Paul Brett (known as ProperAdventure over on Instagram) is our latest DotScot ambassador and avid Scottish mountain climber. An-award winning photographer featured in publications such as Trail magazine, he’s here to tell us what makes Scotland’s climbs so special and, at times, dangerous.

Scotland’s mountains are perhaps considered modest in height compared to ranges across Europe with most of them well within reach of the average hiker. However, they can still be treacherous at all times, particularly in winter. With extreme weather and temperatures on their exposed summits, they are very much the mountaineering challenge.

Yet I would still encourage anyone to get out there and see what they have to offer. Issues can be avoided if new climbers are always geared up for all eventualities. It also helps to seek advice from experts and suppliers on kit, winter walking and navigation.

My climbing career began on a cold and misty morning in December 2008 at Glendoll Lodge located in the southern reaches of The Cairngorms National Park. I was convinced by my friend Scott to join him for a climb. The target for the day was the looming Broad Cairn, a pretty standard mountain standing at the head of Loch Muick. I had no idea what was in front of me and it turned out to be a fairly uneventful climb, perhaps even a little boring at times.

Unexpectedly, the views struck my interest. Looking back on this event it now seems clear I was hooked right away. I can remember going out buying a book and maps for research and more substantial winter kit that following week.


It was clear you had to be prepared, your route researched and ready for anything. I decided to do a winter skills course at Glenshee to learn avalanche assessment, crampon use and the correct procedure for using an ice axe. This is something that, years later, would save my life.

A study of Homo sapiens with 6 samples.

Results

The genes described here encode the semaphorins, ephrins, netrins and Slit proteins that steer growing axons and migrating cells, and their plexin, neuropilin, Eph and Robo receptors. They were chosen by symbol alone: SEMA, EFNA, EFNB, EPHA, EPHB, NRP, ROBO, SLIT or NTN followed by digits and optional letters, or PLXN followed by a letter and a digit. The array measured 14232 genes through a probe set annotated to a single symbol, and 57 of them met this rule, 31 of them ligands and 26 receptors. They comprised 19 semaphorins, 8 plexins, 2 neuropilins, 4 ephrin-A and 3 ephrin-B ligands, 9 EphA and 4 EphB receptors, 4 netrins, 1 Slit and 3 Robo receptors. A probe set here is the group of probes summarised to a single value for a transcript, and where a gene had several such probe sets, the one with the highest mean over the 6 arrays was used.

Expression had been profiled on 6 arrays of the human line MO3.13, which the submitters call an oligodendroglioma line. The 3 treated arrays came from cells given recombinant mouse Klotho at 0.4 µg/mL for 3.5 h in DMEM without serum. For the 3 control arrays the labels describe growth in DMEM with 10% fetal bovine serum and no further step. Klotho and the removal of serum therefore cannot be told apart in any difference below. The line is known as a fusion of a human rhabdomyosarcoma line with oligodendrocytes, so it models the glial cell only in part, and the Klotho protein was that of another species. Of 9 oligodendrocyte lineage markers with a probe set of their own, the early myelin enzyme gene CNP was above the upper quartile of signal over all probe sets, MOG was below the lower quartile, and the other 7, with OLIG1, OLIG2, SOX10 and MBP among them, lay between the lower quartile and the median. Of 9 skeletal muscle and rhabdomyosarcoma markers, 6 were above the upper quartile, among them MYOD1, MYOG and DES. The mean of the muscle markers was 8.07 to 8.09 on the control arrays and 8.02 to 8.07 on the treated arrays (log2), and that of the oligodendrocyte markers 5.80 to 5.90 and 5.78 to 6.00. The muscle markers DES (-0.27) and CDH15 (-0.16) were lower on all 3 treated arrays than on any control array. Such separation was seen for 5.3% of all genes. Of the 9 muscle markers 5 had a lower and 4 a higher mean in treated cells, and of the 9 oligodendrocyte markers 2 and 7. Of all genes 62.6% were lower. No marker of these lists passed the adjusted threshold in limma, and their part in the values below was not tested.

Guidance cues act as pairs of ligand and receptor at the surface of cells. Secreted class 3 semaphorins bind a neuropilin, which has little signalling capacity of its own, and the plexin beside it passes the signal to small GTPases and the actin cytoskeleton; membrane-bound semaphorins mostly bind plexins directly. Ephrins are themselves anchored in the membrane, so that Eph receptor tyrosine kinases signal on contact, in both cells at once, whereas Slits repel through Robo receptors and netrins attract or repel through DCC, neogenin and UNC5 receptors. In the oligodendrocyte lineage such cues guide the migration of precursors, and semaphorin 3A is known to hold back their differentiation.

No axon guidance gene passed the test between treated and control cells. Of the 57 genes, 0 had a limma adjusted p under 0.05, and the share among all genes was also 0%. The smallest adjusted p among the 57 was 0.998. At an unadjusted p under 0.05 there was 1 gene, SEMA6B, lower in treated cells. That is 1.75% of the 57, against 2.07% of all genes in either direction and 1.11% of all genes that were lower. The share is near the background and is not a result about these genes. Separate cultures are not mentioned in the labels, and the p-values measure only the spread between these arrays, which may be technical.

Since then I’ve climbed over 100 summits. It would be more if I could keep away from my favourite mountains! My passion for climbing and photography has grown in ways I’d never imagined.

I won Mountain Photographer of the Year with Trail Magazine with my shot of Carn Mor Dearg arête, the infamous ridge the links Carn Mor Dearg to Ben Nevis. My favourite and most eventful climb to date that required me to perform a self-arrest (stopping yourself with ice axe) after I slipped and was sliding down the mountain. I managed to stop with only a few cuts and bruises but it truly brought home the need for having the skills, kit and knowledge of what to do when needed.

The exposure from winning was a frenzy. TV appearances, newspapers and magazines gave me the audience to write my book. An ever growing Instagram and Twitter following allows me to share my experiences and  photography all over the world and make lifelong friendships.

It’s all thanks to these beautiful Scottish mountains.